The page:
Starting next fall semester, a new concurrent degree program will allow Case Western Reserve University law students to complete their third year in China, while simultaneously earning an LLM (Master of Laws) degree in Chinese Law at Zhejiang University – Guanghua Law School and a JD from CWRU School of Law.
The agreement is among the first between law schools in the United States and China, and increases the number of international concurrent degree programs offered by Case Western Reserve’s law school to four—among the most made available by a U.S. law school.
“The practice of law grows increasingly international each year,” said Case Western Reserve law school Co-Dean Michael Scharf, who signed the concurrent degree agreement in China with Guanghua Law Dean Zhu Xinli. Scharf directs the law school’s Frederick K. Cox International Law Center.
“This is a tremendous opportunity for Case Western Reserve students and Guanghua students to further enhance their employability by earning two degrees at the same time at no extra cost,” Scharf said.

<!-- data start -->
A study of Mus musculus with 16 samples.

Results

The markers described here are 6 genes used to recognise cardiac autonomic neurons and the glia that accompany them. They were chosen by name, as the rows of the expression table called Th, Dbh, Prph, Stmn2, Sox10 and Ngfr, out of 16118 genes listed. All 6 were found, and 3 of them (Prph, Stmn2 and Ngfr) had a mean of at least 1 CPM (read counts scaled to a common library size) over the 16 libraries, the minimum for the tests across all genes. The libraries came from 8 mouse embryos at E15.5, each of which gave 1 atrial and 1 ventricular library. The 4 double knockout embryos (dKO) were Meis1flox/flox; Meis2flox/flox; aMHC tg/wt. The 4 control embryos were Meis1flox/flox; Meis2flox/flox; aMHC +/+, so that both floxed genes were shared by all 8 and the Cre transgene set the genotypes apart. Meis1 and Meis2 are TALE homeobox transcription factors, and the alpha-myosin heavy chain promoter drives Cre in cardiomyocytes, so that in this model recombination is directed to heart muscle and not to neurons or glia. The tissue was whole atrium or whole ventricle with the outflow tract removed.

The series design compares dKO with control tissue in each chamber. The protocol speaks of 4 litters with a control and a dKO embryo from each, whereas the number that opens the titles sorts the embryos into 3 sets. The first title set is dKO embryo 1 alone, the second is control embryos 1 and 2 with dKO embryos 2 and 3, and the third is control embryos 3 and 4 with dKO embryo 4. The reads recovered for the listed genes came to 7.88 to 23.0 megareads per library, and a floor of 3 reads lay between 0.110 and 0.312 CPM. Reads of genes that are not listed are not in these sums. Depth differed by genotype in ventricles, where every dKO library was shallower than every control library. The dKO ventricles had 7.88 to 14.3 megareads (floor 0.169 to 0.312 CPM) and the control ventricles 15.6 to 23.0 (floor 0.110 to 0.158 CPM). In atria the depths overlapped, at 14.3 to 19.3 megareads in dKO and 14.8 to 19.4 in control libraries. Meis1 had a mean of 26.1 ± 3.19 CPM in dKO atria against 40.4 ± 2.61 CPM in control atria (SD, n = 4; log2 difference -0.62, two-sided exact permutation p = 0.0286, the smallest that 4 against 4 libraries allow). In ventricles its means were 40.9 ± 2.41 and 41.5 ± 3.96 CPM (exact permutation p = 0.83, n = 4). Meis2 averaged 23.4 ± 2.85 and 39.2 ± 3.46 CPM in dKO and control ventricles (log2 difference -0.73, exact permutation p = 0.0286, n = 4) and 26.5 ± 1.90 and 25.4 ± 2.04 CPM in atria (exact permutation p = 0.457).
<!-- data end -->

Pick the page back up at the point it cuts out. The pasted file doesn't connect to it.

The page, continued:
The program also permits qualified students in their fourth year of Guanghua Law School to spend an entire academic year at CWRU School of Law in studies for the LLM in U.S. and Global Legal Studies. They can complete the LLM degree from CWRU and a law degree from Guanghua.
Each year, up to two Case Western Reserve students can attend Zhejiang University, and two from Zhejiang can attend CWRU. While visiting, students pay tuition to their home institutions.
“We anticipate that both sides will send the maximum, but it doesn’t require an equal number every year,” Scharf said.
Case Western Reserve is among the first American law schools to offer concurrent degree opportunities, said CWRU law school Co-Dean Jessica Berg. The agreement with Zhejiang marks the fourth concurrent degree available to CWRU law students. In the past two years, similar agreements were completed with Comillas University in Madrid, University of Paris (Dauphine) and Middlesex University in London.
CWRU Law Professor Tim Webster, who directs the law school’s Asian Legal Studies program and negotiated the Zhejiang agreement, is a former visiting scholar at Guanghua Law.
“This is a fantastic opportunity for law students curious about China and interested in international commerce,” Webster said.
He said Hangzhou is a beautiful city with magnificent scenery, especially around West Lake.
“It is also China’s Silicon Valley, home to such global companies as Alibaba, Geely Automobile Holdings Ltd. (which owns Volvo), and Wanxiang Automotive Parts,” Webster said. “Students will have the opportunity to intern, perhaps at one of those multinational companies, learn about Chinese law in English from faculty there and earn a fantastic academic credential at the same time.”